Former miners convicted of crimes during the bitter and divisive 1984 strike have welcomed news of a collective pardon from the Scottish Government.
However, those still suffering from the effects of the year-long dispute say the announcement by Justice Secretary Humza Yousaf does not go far enough.
There was a sense of relief among miners and their families on Wednesday, but many said they would not celebrate until they received compensation for the loss of their jobs, pensions and even their loved ones.
Sacked west Fife miner Bob Young, 77, said: “It’s fine that convictions are being rubbed off their crime sheets but there were guys who lost their jobs, lost their marriages and committed suicide.
“I welcome the news but I don’t think it should stop there.”
Mr Yousaf told the Scottish Parliament hundreds of men convicted of offences relating to the strike would be pardoned in a bid to aid reconciliation within affected communities.
He said it would recognise that many miners had suffered hardship and the loss of their good names during exceptional circumstances.
Legislation will be introduced by the Scottish Government and passed by MSPs in due course.
The news follows a long-running independent inquiry on the policing of communities during the strike, when hundreds of men were arrested, convicted, sacked and often blacklisted.
Most had never been convicted of crimes before and have never been in trouble with the police since.
Mr Yousaf said there was no doubt many miners suffered greatly as a result of their convictions.
“Although the strike took place some 35 years ago, it is clear from conversations I have had with many miners the pain they feel is still very raw to this day,” he said.
“This collective pardon also applies posthumously and symbolises our desire for truth and reconciliation following decades of hurt, anger and misconceptions which were generated by one of the most bitter and divisive industrial disputes in living memory.”
Mr Young, a former NUM chairman, described many of the convictions as “a pile of nonsense” and added: “It was a difficult time.”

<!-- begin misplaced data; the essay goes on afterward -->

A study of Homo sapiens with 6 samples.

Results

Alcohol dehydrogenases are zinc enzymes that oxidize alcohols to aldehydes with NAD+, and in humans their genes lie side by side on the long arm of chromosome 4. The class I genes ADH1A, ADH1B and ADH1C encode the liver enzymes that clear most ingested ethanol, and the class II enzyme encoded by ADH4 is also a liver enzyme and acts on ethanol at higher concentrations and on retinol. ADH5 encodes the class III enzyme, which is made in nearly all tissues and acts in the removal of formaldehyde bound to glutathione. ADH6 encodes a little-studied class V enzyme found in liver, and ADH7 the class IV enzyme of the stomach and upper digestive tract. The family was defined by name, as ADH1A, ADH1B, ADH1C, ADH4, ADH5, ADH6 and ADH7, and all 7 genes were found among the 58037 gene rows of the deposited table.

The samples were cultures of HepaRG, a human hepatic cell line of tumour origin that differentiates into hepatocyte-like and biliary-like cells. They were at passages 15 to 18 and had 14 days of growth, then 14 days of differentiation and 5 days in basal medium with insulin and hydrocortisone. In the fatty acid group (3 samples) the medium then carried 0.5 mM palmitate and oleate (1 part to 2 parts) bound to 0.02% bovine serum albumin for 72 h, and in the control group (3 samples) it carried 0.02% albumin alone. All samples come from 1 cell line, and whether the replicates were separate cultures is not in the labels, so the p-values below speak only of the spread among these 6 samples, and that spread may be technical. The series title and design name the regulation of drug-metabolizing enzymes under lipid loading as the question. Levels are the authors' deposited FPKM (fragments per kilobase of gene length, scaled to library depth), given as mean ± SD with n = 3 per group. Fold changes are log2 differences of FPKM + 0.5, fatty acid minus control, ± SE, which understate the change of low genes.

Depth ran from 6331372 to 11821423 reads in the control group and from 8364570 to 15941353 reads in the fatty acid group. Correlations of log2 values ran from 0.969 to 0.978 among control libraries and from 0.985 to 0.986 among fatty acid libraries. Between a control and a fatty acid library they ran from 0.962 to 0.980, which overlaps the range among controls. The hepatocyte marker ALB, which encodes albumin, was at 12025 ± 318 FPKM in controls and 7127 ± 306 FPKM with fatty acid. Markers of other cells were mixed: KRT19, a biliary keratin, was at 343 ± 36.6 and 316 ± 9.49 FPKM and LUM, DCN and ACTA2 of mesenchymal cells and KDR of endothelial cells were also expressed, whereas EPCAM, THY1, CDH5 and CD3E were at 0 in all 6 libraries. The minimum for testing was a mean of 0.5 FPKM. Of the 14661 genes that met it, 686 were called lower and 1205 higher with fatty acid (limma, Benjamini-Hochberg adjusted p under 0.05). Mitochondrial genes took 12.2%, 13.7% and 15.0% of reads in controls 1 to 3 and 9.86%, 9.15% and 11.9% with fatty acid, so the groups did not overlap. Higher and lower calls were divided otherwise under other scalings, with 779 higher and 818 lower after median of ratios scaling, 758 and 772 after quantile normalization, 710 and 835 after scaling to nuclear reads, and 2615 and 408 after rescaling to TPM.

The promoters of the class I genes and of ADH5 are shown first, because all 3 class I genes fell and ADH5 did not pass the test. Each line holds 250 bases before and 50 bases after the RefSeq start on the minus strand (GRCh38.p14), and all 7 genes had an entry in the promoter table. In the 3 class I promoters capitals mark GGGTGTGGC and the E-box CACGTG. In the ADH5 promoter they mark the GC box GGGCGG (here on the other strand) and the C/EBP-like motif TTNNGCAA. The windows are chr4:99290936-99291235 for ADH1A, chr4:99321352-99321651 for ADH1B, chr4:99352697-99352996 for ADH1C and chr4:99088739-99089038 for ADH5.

Cathy Mitchell, from Kirkcaldy, whose husband John was blacklisted after losing his job at Frances Colliery, said: “It’s good to hear the slate will be wiped clean but it would mean more if there was compensation.”
John was convicted of obstruction in 1984 and fined £5. It resulted in him losing out of £26,000 of redundancy money.
“He was blacklisted and ended up with nothing,” said Cathy.
“That needs to be addressed.”
Tom Adams, who also worked at Francis, said the announcement was recognition that miners had been victimised.
“Once all the miners have been pardoned, then we go for compensation,” he said.
The pardoning has been welcomed by a host of politicians across Scotland’s old mining communities, not least by former First Minister Henry McLeish, who was leader of Fife Regional Council during the strike.
He described the dispute as the toughest year of his political life.
“I believe the recommendation is sound because it seeks to overturn injustice perpetrated on a significant number of miners, their families and communities,” he said.
“Fife Regional Council, probably the biggest mining community in Scotland, was heavily involved in helping miners and their families literally survive during the strike.
“It became not only a battle for survival for miners but also for the future of communities and the industry.
“This is a wrong that has been righted and a good day for democracy.”
The outcome of the review by John Scott QC has also been supported by Scotland’s chief constable Iain Livingstone, who labelled the strike a time of great disruption and hardship.
“During the miners’ strike, though many officers demonstrated compassion and commitment to public service in challenging circumstances, injustices arose,” he said.
“Discharging our duties with fairness, integrity and respect is vital to the bond of trust between policing the the citizens we serve.”